Legend has it that notorious American hold-up man Willie Sutton, who netted an estimated US$2m between the late 1920s and his final arrest in 1952, was once asked why he robbed banks. His reply: “Because that’s where the money is.”
It’s perfectly understandable that such ice-cold logic should also dictate the ambitions of most business school students. The majority dream of working in blue-chip companies that will reward them as handsomely as possible. They can hardly be faulted for aiming high.
The truth, though, is that for many the dream will remain precisely that. Some of the very best and most dynamic students will start their own businesses, while others will work in small or medium-sized companies. Their futures will lie not in the sprawling world of the multinational but in the comparatively cosy confines of the local economy.
This poses serious questions about the relevance of much of what is taught in modern business schools. It’s difficult to see how theories that are almost exclusively entrenched in the art of thinking big can be of genuine relevance when practice turns out to be rooted in something altogether more modest.
Of course, a major problem is that many business schools feel they have precious little incentive to change their modus operandi. Perhaps unavoidably, immense financial success has fostered more than a trace of self-satisfaction. It’s not especially tempting to look beyond the bottom line when, to put it bluntly, you’re raking it in. Here, too, the philosophy of Willie Sutton reigns supreme.
Yet the voices of doom are growing louder and more persistent. Even in the US, the sector’s acknowledged powerhouse, there are warnings that a perfect storm may be gathering. The explosion in online learning and the nascent trend for companies to bring management teaching in-house are the most frequently cited threats.
How ironic would it be if business schools, with all their theoretical knowledge of creative destruction, were unable to rise to such challenges? How perverse would it be if the proponents-in-chief of innovation were unceremoniously steamrollered by progress?
Although some may well deem it beneath them, a greater focus on the local could provide an answer – and, indeed, an escape route. The glamour and appeal of being “masters of the universe” is undeniable, but neither is the stark exigencies of reality. We need to recognise the merits of far deeper engagement with the small business community.
One of the most significant and desirable outcomes of such a shift would be the co-creation of useful knowledge. As numerous critics and various policy reports have pointed out, too much of the research that business schools undertake is limited to observation, abstraction and dissemination to students.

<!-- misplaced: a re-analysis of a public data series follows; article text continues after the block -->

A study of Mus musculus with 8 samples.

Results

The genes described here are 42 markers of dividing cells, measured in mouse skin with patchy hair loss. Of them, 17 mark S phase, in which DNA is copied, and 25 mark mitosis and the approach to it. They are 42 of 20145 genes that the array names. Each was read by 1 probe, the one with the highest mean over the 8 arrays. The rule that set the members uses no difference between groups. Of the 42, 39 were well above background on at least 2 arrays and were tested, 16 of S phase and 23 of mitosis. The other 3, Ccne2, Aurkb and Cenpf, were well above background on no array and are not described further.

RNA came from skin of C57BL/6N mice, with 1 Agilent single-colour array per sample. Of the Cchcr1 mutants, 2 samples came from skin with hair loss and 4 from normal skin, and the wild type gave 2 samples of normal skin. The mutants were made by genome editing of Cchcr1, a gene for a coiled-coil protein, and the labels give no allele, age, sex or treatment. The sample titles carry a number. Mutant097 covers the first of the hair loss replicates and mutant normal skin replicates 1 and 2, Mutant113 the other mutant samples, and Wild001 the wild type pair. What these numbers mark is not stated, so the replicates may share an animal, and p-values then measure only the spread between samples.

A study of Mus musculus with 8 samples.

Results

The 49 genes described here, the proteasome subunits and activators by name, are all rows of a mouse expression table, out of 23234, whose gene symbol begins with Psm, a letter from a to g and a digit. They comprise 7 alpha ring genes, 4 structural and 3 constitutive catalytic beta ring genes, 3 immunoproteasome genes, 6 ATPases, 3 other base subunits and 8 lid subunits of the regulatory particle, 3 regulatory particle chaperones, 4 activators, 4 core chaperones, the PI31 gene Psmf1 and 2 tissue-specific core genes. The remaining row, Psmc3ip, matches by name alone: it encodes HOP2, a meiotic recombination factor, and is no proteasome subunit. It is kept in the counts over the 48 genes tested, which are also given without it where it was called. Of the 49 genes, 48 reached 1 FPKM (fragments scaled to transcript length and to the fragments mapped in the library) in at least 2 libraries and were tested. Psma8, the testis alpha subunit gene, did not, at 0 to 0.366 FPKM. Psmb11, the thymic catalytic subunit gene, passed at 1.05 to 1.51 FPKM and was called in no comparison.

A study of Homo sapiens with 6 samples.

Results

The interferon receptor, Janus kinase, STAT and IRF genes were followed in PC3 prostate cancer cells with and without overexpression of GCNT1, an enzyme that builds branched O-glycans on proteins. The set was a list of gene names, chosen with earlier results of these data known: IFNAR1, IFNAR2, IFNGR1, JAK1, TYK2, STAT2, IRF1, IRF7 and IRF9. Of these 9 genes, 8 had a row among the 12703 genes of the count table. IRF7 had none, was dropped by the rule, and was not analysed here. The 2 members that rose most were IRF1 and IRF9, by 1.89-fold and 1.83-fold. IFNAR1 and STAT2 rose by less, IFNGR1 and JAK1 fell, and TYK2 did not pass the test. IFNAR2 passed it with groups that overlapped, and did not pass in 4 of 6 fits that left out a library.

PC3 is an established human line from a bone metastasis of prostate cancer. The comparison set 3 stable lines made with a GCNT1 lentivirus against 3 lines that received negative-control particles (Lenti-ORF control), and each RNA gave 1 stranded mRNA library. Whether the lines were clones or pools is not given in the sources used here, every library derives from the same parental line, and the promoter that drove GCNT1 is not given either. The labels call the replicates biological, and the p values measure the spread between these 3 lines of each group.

Traditionally, collaborations with small businesses are not just rare but characterised by the wrong sort of give-and-take: they give, we take. The aim should be to build relationships from which everyone benefits.
Medical schools offer an interesting model. The synergies are obvious: “We’ll cure you of that nasty little rash if you let our students watch how we do it.” The patient may be in no fit state to bargain, but the gains for all concerned are manifest.
It’s easy to see the advantages to students if more business schools were to adopt an analogous approach. They would receive a meaningful grounding in small business life and thus be much better equipped to tackle the informed decisions, calculated risks and myriad pressures likely to punctuate many of their careers. It might not sound like a curriculum component to stir the heart and set pulses racing, but that doesn’t mean large numbers of graduates wouldn’t find it of enormous value.
Take and give
Meanwhile, many of the people who already constitute the small business community would welcome the expertise and experience that business schools are able to deliver. Delivering helpful insights into effective administration, the ability to survive and thrive, professional credibility and other everyday concerns would be a key element of our side of the deal.
By way of example, consider the case of a couple working in the floristry trade in a provincial town. They attended an executive education workshop hosted by Nottingham University Business School to seek advice about how to compete in a market with low profit margins. In due course they were able to put into practice solutions based on the more efficient use of staff and premises and novel means of differentiating themselves from the competition – and students were accorded an enhanced grasp of the day-to-day difficulties of life beyond the blue-chips.
How terribly dull, some might think. How dreadfully parochial. Flower shops? Who cares? Companies with a handful of staff and six-figure annual turnovers? So what?
Make no mistake, that type of outlook is still common. It isn’t just innately snobbish: it’s hopelessly blinkered and inherently self-defeating. And it’s precisely the kind of attitude that may yet see many a business school – not to mention many of its graduates – flounder, fail and sink without trace.